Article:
Teibel's giving 100% of gift card sales to employees in need

Teibel's giving 100% of gift card sales to employees in need

Longtime Teibel's employee Mary Thill, who has worked at the Schererville restaurant for 23 years, delivers a curbside meal to a customer. 

Teibel’s Family Restaurant, the long-running landmark restaurant at the Crossroads of America intersection in Schererville, has many longtime employees like Mary Thill, who's worked there for 23 years. 

Regulars at the Calumet Region institution know employees like Thill well, and feel for them in their current plight as the global coronavirus pandemic shutters dining rooms across the state and nation. That has cost countless restaurant industry workers hours, jobs and income, and led to questions about where and when their next paycheck will come from.

"Customers will come for curbside pickup to pick up a perch dinner and ask to add a gift card for the staff," Teibel's owner Paul Teibel said. "The staff has always taken such great care of the customers. They have great memories over the years, appreciate the staff and do what they can to help them out."

The eatery is helping its employees through a hard time by donating 100% of those gift card sales to them.

Teibel's, the 91-year-old lake perch palace at 1775 U.S. 41 that's also known for its fried chicken made with an old family recipe from Austria, employs about 100 workers normally. But it's down to a skeleton crew after Gov. Eric Holcomb ordered the temporary closure of restaurants and bars to stop the spread of coronavirus.

"A lot of staff need the help," Teibel said. "We're just trying to stick together as a crew, like a family, to make it through this."

Teibel's opened as a 12-seat diner in 1929 just before the economy cratered during the Great Depression. Brothers Martin and Stephen Teibel started selling sandwiches and chicken at the small eatery at U.S. 30 and Highway 41 in Schererville that would eventually become known throughout the Midwest for its boned and buttered lake perch, and become one of the Region's best-known meeting places for business functions, holiday parties, family gatherings, class reunions, weddings and anniversaries.

"They were cooking fried chicken through the Great Depression and World War II, which was another incredibly difficult time for a business to stay open," Teibel said. "When you starting thinking what's happening, you think about the challenges the community has faced. It's tough to think about it but it's one of those situations where we're all trying to do the best we can."

With no dining room and a big drop in demand, Teibel's has been forced to sharply cut back on its headcount for the foreseeable future, with uncertainty about when the restrictions on public gatherings will end and it will again be safe to venture outside the house.

"It’s been difficult. Sales are definitely affected when we have fixed costs, the same as any family, and not as much money to pay the bills," Teibel said. "Part of it is also we have to be smart about the virus to stay open. We can only bring in people we know are separated from the public so we can keep going and don't have an issue."

Teibel's rolled out curbside pickup and home delivery within a five-mile radius, and even further if it's outside of peak hours. Customers can order online or over the phone and have the food dropped off in their truck, back seat or porch if they don't want to come into contact with a person. The restaurant plans to continue to operate with an essential-services exemption when Gov. Holcomb's stay-at-home order kicks in Wednesday.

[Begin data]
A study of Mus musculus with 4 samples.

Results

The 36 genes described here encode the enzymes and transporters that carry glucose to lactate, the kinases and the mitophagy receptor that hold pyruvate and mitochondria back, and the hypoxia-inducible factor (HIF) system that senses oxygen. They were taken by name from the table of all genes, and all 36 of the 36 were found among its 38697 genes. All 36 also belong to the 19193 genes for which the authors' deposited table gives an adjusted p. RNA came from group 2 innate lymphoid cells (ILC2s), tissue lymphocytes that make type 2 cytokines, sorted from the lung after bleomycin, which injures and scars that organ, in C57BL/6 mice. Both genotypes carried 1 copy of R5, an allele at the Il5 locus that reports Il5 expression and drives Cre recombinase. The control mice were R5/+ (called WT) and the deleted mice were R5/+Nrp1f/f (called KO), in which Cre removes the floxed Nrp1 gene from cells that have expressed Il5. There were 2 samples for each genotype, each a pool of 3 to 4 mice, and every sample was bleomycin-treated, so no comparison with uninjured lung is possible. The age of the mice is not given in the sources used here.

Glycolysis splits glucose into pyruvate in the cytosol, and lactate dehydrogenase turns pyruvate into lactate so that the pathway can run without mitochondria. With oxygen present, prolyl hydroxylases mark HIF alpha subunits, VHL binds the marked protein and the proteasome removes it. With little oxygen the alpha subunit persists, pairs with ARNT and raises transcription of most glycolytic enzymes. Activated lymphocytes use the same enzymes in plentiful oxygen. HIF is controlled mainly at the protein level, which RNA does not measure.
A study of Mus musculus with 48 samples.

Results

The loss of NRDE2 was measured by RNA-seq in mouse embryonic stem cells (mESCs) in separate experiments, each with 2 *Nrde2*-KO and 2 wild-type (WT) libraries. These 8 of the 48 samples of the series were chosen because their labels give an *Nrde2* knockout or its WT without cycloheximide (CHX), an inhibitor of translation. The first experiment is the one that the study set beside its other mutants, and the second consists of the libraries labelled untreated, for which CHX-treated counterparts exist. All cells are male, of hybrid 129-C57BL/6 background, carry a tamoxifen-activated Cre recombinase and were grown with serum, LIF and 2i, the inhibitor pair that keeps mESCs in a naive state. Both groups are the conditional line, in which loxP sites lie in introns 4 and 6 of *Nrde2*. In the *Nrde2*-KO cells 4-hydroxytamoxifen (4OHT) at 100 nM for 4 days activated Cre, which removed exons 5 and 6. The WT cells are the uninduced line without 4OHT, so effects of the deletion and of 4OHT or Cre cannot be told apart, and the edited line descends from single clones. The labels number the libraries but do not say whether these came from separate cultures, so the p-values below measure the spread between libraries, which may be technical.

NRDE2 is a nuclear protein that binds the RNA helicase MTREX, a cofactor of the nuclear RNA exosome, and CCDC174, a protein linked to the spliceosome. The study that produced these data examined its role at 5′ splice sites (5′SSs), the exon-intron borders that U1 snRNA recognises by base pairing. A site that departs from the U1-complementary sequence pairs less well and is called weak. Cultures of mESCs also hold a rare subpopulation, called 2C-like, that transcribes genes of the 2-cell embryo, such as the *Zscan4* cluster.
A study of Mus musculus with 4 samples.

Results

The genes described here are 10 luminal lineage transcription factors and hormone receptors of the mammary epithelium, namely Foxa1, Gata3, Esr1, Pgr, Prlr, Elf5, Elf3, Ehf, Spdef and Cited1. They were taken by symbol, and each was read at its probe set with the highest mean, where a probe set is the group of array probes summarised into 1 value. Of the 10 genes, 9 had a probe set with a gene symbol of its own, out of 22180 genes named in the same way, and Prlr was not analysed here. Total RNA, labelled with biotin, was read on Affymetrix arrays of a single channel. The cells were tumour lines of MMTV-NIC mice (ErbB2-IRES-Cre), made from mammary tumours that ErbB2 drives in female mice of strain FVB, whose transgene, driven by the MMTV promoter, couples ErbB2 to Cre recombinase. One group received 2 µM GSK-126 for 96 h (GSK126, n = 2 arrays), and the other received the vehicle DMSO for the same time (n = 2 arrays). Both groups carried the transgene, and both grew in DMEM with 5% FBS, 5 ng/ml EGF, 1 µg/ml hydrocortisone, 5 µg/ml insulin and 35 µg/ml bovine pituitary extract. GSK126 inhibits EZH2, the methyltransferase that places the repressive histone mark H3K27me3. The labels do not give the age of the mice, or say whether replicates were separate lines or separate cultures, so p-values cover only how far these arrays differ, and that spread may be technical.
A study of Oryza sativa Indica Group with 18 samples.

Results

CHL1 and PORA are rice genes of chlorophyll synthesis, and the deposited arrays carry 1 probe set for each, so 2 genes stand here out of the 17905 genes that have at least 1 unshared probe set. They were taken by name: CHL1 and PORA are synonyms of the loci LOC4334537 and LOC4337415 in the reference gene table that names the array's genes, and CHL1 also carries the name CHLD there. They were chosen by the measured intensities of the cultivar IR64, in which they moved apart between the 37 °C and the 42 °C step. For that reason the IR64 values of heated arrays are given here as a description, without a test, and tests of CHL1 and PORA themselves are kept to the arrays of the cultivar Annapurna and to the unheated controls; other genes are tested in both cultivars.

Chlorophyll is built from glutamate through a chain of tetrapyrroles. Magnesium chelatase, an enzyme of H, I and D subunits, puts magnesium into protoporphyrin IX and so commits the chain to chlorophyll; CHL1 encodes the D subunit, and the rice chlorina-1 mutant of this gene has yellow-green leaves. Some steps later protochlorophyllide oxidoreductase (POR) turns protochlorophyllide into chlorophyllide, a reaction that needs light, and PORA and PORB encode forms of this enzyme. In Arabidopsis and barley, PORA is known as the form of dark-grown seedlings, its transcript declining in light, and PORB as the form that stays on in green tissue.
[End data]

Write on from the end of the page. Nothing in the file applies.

"When you're stuck at home it might be nice to go out for a drive for curbside pickup to take your mind off things and give yourself a break," he said. "It's important to support businesses in the community. A lot of businesses are supporting each other. We're ordering a taco package from one of our favorite restaurants this week." 

Teibel asked for patience as many local independent restaurants in Northwest Indiana are offering curbside pickup for the first time, by dint of necessity.

"A lot of restaurants in our area didn't do curbside pickup before," he said. "These are local places, mom-and-pop-type places. They have to iron out stuff. If you had a poor experience, give them another chance. They're relying on curbside to keep that business afloat and help their staff."

Teibel was reading news stories about what businesses around the country were doing to assist their employees during the public health crisis, such as donating 20% of sales to staff, when he thought of the gift card idea. Customers can take out any amount on a gift card, which can be used when Teibel's reopens for dining-in, and all of the proceeds will go to employees, he said.

The restaurant will mail the gift cards out or hold them for customers when it reopens for dining in.

"You can get a $20 gift card, or literally any amount," he said. "Some customers have left large gifts." 

Teibel's employees have been hanging in there and hoping life and their paychecks will return to normal soon.

"We're staying in communication and they're very stressed out by the whole situation," he said. "People have worked here for 20 years to 30 years and are a like a second family. It's tough and it's stressful on all of them. We're trying to stick together. This is a time for us not to physically come together as a community but to be there for each other to get through this tough time. We're all trying to adapt and do what we can to come out the other side stronger than we were."


Joseph S. Pete is a Lisagor Award-winning business reporter who covers steel, industry, unions, the ports, retail, banking and more. The Indiana University grad has been with The Times since 2013 and blogs about craft beer, culture and the military.